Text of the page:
When you incorporate your business, the corporation takes on a life of it's own, thus relieving you of the burden of having to put your assets at risk and gives you greater liability protection.
A corporation becomes something more than just a business, it takes on a persona almost like a real person, taking on debt, it's own liabilities, and it can make money and retain some of the profits.
The most compelling advantage to getting your business incorporated is that it keeps your personal responsibilities separate from your business responsibilities, therefore, giving you a greater degree of protection from being held personally liable in your business dealings.
Starting Your Corporation
When starting your corporation, hiring a good corporate attorney who know the ends and outs of corporate law may be a good idea.
Although hiring an attorney is not mandatory and you can complete the process yourself, it can be a humbling experience if you don't have some knowledge of the process.
And there is always the possibility that you may miss something in the law or not file the correct documents.
Forming A Corporation
Forming a corporation takes time and money, and it has to be done in accordance with strict rules and regulations based on state laws. It is more complex and more expensive than other forms of business structure.
You have to select a fictitious business name, making sure that no one else in the state has it. This is important because if another company is using the name you want and it is incorporated in the state, you will not be able to use the name.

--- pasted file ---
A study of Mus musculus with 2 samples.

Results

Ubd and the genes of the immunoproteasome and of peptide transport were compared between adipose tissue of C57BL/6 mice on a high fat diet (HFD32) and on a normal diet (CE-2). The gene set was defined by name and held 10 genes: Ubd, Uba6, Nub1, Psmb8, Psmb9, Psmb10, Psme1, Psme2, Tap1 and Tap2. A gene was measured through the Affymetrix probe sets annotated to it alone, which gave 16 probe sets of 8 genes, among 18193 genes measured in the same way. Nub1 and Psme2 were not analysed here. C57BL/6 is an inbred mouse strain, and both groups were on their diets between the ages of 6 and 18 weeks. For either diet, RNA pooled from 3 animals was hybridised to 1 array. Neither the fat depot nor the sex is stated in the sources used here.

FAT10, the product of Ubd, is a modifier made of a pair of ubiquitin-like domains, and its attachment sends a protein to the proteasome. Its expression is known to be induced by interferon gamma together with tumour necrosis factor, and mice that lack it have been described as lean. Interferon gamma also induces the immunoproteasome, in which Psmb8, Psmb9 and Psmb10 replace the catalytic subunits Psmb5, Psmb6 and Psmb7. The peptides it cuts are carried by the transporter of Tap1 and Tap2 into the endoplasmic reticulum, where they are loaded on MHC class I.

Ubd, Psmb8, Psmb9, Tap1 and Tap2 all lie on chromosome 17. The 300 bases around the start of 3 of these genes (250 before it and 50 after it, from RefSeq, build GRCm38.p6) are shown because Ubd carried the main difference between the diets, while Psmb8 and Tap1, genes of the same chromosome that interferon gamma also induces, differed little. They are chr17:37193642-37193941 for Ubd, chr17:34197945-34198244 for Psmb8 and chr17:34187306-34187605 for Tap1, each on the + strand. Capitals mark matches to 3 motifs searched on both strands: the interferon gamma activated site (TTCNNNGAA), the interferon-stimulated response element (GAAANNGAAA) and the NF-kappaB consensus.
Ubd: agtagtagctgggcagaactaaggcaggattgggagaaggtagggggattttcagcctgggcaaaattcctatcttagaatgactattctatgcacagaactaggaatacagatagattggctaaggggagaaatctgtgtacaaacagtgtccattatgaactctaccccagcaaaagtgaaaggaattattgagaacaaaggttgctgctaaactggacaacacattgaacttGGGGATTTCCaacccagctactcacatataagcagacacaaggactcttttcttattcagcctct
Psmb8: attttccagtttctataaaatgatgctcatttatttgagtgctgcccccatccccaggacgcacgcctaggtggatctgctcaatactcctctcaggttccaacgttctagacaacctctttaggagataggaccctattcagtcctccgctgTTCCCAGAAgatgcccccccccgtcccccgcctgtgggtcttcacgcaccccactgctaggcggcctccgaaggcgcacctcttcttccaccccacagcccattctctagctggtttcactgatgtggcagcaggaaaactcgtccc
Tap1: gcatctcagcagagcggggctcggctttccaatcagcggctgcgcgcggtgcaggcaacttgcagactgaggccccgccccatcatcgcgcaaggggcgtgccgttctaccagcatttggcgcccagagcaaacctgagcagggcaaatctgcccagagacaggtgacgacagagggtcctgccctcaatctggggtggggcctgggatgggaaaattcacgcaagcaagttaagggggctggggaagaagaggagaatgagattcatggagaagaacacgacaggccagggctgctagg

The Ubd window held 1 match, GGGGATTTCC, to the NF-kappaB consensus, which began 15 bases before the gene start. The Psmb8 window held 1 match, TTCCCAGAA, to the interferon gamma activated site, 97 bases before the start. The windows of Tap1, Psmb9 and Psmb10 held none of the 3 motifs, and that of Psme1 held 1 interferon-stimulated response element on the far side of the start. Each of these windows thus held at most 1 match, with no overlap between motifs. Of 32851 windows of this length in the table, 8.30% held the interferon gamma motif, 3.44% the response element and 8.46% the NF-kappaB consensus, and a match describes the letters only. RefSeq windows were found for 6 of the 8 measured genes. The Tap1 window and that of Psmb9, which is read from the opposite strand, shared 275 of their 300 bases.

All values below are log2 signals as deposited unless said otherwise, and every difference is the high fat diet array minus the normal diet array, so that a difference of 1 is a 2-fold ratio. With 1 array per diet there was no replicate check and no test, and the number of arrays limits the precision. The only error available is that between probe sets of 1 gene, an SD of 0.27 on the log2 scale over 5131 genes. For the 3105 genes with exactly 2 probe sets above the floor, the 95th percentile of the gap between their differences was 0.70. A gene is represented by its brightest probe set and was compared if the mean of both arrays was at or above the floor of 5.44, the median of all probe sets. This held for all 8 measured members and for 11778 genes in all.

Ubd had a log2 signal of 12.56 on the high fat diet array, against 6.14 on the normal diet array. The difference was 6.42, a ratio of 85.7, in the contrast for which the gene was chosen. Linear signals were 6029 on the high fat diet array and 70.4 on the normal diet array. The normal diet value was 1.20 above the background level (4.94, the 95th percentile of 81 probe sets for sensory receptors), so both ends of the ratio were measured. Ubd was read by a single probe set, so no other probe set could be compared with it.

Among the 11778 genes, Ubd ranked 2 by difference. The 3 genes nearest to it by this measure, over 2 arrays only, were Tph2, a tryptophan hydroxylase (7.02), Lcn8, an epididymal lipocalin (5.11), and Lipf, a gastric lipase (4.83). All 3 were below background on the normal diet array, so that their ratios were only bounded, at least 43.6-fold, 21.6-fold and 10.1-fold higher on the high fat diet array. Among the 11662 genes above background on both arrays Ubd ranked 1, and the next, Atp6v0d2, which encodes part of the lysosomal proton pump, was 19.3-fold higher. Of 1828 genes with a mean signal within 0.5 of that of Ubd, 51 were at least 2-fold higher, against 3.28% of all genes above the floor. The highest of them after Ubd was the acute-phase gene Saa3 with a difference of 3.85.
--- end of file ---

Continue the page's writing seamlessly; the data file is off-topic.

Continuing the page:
Preparing the articles of incorporation is one of the first steps that you will have to go through. There are forms that are provided by the state and it is up to you or your attorney to make sure that it is done correctly.
The proper documentation has to be filed in the state in which the corporation is to be located and the guidelines are issued by that state's Secretary of State.
Your corporation will need bylaws describing how the corporation is to function, when stockholder meetings will be held, and the responsibilities of the directors, shareholders, and all other officers on the board.
If your corporation is a small company, you may be listed as the only shareholder and the only board member, the president, secretary, and the treasurer of the corporation.
In a corporation, annual profits are given to the shareholders in the form of dividends determined by the board of directors.
Subsequently, if you do business in other states, you will have to file for corporation status in those states as well and pay the necessary fees and taxes.
It is imperative that you follow the rules of incorporation because if you fail to do so, you can be held personally liable for any debt incurred by the corporation.